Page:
In a talk given at Stanford Law School on Tuesday, Harvard Professor of Law and Computer Science Jonathan Zittrain expressed concern both over the Internet being too consolidated and controlled, as well as concern about security issues highlighted by “hacktivism” in 2011.

 

The event, ‘Hacktivism: Anonymous, Lulzsec and Cybercrime in 2012 and Beyond,’ was sponsored by CodeX: The Stanford Center for Legal Informatics. CodeX is a multidisciplinary laboratory run by the University that seeks “to explore ways in which information technology can be used to enhance the quality and efficiency of our legal system while decreasing its cost,” according to its website.

 

Harvard Internet Law and computer science professor Jonathan Zittrain speaks at the Stanford Law School about the state of internet security and hacking in 2012. (Luis Aguilar/The Stanford Daily)

Zittrain, co-founder and co-director of the Berkman Center for Internet & Society at Harvard, has often concerned himself with potentially harmful censorship and limits to freedom on the Internet, but in this talk, focused on one major drawback: major security concerns that are often beyond the skill level of the general public to comprehend and address.

 

“About a year ago it dawned on me that our information environment is one in which, if you anger the wrong people, your entire life is vulnerable,” Zittrain said. “That is a high cost to pay for security, and it carries certain drawbacks that we shouldn’t have to entertain.”

 

Zittrain described fears over the worst-case scenario cyber attacks getting the bulk of public attention — like an attack that disables the power grid or interferes with a nuclear plant. He addressed such scenarios as real, but the product of “hype.”

 

Instead he singled out attacks like distributed denial of service attacks (DDoS), which were at the center of many important news stories in 2011, including attacks on governments in the Middle East and on companies that had severed ties with WikiLeaks.

 

Zittrain related how Anonymous, a loose Internet group known for activist hacking, retaliated against HB Gary Federal, an Internet security consulting firm, and its CEO Aaron Barr. Aaron Barr had his Twitter and Facebook hacked to announce his home address and social security number. Additionally, all of the internal company emails were hacked and released.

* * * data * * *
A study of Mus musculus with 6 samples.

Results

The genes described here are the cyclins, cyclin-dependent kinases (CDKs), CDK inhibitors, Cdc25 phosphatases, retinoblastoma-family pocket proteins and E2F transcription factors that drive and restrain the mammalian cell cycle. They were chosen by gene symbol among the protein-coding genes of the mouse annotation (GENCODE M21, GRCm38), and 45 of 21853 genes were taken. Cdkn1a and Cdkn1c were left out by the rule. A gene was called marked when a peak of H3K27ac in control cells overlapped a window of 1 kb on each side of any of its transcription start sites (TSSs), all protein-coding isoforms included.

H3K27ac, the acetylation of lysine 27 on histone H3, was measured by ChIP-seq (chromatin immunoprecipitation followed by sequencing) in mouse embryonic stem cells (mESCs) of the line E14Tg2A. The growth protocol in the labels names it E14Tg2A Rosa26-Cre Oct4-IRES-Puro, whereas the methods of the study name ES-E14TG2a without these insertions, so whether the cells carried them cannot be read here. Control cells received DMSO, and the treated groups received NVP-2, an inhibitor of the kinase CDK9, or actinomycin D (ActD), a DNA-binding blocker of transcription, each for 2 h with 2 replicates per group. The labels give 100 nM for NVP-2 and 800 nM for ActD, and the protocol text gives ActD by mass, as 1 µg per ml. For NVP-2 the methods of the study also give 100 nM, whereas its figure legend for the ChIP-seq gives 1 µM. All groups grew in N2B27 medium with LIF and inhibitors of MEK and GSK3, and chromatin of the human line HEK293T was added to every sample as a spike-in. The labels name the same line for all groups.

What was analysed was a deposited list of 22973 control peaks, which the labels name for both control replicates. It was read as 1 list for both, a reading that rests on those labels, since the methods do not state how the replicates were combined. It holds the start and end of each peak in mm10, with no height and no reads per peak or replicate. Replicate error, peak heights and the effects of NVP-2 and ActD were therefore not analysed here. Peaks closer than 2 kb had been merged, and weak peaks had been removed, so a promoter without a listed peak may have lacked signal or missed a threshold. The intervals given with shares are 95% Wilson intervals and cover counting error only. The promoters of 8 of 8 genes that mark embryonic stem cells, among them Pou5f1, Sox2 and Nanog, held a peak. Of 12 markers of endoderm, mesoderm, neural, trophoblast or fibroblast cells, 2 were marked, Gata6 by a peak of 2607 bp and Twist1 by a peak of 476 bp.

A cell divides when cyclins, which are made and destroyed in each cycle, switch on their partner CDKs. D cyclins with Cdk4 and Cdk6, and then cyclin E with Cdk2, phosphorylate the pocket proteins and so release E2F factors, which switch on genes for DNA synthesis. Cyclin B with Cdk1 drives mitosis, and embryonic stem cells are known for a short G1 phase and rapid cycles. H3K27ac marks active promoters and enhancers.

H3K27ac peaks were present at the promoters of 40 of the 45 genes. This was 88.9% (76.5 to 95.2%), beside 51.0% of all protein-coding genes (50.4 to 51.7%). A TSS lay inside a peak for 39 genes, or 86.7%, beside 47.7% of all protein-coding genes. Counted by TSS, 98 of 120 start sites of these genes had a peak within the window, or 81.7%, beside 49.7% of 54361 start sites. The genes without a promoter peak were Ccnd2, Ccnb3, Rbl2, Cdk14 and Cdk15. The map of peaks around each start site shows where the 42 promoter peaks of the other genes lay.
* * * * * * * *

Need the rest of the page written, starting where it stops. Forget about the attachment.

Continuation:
Ultimately, Anonymous itself was compromised and forced to announce: “We regret to inform you today that our network has been compromised by a former IRC-operator and fellow helper named ‘Ryan.’”

 

“I don’t know if you’ve seen Reservoir Dogs where everybody is pointing their guns at each other,” Zittrain said. “But this is where I say ‘things have gone too far.’”

 

Everybody is vulnerable in this environment, including expert consultants in cyber security, according to Zittrain.

 

“This box in front of me [pointing at his laptop] contains all of my emails on it, and if Anonymous were mad enough at me, I have every confidence that they would be in this box within 12 hours,” Zittrain said. “Maybe if I broke it over my knee and never plugged it in again…” he joked.

 

Zittrain did not offer any specific solutions to the balance, but he favors a solution that would be “bottom up” in nature, not a government-driven solution. He looks to models like Wikipedia for bottom-up governance that works. Zittrain acknowledged that any solution would have to work with the nature of the consumers.

 

“How do we build systems that are still extremely simple and intuitive to use, but capture experimentalist spirit that was so important to the development of the Internet?” Zittrain asked.

 

Zittrain will not have to come up with all of the answers himself, as students in a Law class called ‘Ideas for A Better Internet’ attended the event. The class has students from both Stanford and Harvard who will be presenting their work in an event on Wed., Jan. 18.

 

Eli Marschner, a second-year graduate student in computer science, is working on the issues related to journalism on the Internet. He came away from this talk pondering the differences between online activism and traditional activism.

 

“With online civil disobedience, if you want to call it that, it is not highly organized groups who are dedicating their time and risking being arrested,” Marschner said. “It might be somebody in their basement running downloaded software their friend told them to download. The scale is fundamentally different.”

 

 

Contact Josh at jwghoyt@stanford.edu.